Revived Beijing-Tokyo currency swap could be key to ending US dollar's domination
By Xiao Xin
Global Times

A currency swap line between China and Japan, which may be agreed on during Japanese Prime Minister Shinzo Abe's visit to Beijing later this week, would be a much-needed move to ensure that trade between Asia's two biggest economies remains intact despite the US' xenophobic approach to trade policy. 


Illustrations: VCG

It's also clearly a significant step toward eroding the US dollar's status in the global financial system. 

"The governments of Japan and China are expected to agree to resurrect a currency swap deal," NHK World reported over the weekend. According to the report, the agreement might be reached on Friday amid Abe's visit, which runs from Thursday to Saturday.

Under the deal, central banks of the two countries will be allowed to swap their currencies in case of a financial crisis, the report said, and the deal is likely to be capped at about 3 trillion yen ($26.6 billion). That means the deal would be expanded about 10-fold from the previous $3 billion line, which expired in 2013 when bilateral ties soured. 

The resumption of the swap line, although not officially confirmed, is apparently a silver lining for the world trade landscape that is being torn apart by the Trump administration's unscrupulous trade protectionism.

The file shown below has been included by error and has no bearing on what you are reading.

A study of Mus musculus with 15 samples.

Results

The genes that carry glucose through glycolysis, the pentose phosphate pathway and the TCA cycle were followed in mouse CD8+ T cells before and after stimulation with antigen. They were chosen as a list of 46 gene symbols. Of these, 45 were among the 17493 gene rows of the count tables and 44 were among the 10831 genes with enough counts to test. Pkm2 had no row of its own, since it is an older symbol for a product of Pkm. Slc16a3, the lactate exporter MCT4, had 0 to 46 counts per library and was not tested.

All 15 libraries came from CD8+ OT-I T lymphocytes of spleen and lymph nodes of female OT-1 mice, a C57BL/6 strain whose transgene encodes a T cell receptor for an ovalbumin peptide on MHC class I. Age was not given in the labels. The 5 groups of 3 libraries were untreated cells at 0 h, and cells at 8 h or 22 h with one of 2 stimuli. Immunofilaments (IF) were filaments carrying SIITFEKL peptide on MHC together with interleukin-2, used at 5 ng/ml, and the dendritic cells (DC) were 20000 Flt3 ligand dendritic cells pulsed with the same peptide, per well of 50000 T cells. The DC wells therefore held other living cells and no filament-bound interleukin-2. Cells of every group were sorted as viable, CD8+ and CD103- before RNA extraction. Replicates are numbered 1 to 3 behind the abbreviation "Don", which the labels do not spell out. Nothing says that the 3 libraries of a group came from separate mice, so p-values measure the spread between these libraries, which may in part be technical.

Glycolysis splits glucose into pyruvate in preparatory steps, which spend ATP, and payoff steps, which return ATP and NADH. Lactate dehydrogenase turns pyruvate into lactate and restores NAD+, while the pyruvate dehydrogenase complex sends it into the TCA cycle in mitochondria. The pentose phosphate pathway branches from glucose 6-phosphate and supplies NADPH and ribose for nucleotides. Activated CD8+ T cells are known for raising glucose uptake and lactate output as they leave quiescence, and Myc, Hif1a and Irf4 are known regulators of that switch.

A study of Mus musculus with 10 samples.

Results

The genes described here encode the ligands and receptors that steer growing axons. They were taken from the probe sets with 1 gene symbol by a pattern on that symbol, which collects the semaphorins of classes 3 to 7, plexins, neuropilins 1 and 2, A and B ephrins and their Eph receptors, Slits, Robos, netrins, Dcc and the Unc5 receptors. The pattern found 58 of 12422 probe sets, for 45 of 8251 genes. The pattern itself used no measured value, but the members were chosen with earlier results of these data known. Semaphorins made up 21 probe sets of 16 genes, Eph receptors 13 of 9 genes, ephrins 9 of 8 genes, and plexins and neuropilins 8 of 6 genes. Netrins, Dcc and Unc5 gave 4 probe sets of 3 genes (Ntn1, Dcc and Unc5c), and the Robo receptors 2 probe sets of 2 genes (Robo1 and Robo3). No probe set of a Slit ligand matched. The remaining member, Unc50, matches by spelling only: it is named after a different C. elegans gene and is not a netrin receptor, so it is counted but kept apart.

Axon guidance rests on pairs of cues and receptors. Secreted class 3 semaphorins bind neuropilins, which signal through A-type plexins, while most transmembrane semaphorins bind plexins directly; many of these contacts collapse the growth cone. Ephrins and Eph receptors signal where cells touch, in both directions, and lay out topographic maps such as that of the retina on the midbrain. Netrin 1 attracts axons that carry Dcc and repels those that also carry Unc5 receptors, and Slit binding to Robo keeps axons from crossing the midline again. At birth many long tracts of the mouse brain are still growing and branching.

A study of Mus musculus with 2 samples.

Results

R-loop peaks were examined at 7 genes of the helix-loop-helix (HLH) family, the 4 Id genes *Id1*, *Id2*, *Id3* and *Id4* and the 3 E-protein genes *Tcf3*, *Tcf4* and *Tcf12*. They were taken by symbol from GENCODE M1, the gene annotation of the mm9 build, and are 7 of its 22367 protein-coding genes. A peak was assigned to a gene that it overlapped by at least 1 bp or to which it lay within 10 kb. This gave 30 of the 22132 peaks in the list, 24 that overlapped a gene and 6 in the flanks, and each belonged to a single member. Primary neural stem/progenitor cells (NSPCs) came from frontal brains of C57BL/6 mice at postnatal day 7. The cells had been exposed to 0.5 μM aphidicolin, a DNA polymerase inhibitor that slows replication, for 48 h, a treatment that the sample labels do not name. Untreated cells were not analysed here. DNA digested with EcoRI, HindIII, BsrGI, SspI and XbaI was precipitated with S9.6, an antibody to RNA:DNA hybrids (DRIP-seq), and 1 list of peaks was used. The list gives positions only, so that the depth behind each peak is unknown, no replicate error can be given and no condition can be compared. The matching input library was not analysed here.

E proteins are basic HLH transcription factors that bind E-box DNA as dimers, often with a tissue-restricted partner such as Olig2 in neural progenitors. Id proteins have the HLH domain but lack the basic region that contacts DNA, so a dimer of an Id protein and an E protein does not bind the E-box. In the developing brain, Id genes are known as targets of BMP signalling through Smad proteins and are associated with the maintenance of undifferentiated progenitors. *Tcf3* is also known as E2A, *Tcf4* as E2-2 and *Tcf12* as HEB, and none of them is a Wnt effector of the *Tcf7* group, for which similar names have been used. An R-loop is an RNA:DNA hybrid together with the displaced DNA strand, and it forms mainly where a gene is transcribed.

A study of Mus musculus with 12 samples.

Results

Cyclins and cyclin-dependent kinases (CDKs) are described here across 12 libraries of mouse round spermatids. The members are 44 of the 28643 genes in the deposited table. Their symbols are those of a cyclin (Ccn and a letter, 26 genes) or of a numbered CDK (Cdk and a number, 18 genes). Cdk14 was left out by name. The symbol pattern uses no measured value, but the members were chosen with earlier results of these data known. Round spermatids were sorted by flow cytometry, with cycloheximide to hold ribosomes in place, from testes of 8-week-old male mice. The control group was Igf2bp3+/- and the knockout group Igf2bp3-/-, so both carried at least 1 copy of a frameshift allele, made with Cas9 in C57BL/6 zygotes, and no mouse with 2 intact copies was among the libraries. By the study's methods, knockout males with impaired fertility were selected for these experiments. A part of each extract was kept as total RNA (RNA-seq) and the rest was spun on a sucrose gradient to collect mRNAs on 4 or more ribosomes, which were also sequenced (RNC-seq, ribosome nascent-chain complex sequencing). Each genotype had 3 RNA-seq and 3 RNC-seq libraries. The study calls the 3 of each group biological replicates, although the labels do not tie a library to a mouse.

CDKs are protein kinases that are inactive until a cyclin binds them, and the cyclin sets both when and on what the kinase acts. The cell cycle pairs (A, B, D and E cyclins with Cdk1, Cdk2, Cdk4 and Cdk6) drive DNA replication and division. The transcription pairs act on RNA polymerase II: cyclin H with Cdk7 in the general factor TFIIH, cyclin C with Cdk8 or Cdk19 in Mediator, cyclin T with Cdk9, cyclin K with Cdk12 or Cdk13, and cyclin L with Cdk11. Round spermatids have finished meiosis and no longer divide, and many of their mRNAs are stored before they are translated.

Statistics speak loudly for China-Japan trade ties. Japan is now China's fourth-largest trading partner, behind the US, EU and the Association of Southeast Asian Nations, while China is Japan's top trading partner. Bilateral trade grew 10.1 percent year-on-year to $302.99 billion in 2017. With normal and established trade practices being disrupted by the US government's reckless, unilateral moves, the trade bonds of China and Japan will be at risk if they're still denominated in the US dollar. 

But if the two Asian giants can join hands in restarting the currency swap line, the regional trade scenario will be more promising and the entire global trade system will get a boost. The current framework, dominated by the US dollar, ought to be remade with countries such as China and Japan acting as stabilizers.

It also matters a lot to China, whose trade is denominated mostly in foreign currencies. China's yuan-denominated foreign trade only accounts for 12 percent of the total, Hong Kong Monetary Authority Chief Executive Norman Chan Tak-lam said at a forum in Hong Kong in June. 

With initiatives such as the expanded currency swap line between China and Japan allowing for a greater use of the yuan on the global scale, the tyranny of the dollar will end in the long term, undermining the power of the US to damage the world trade system.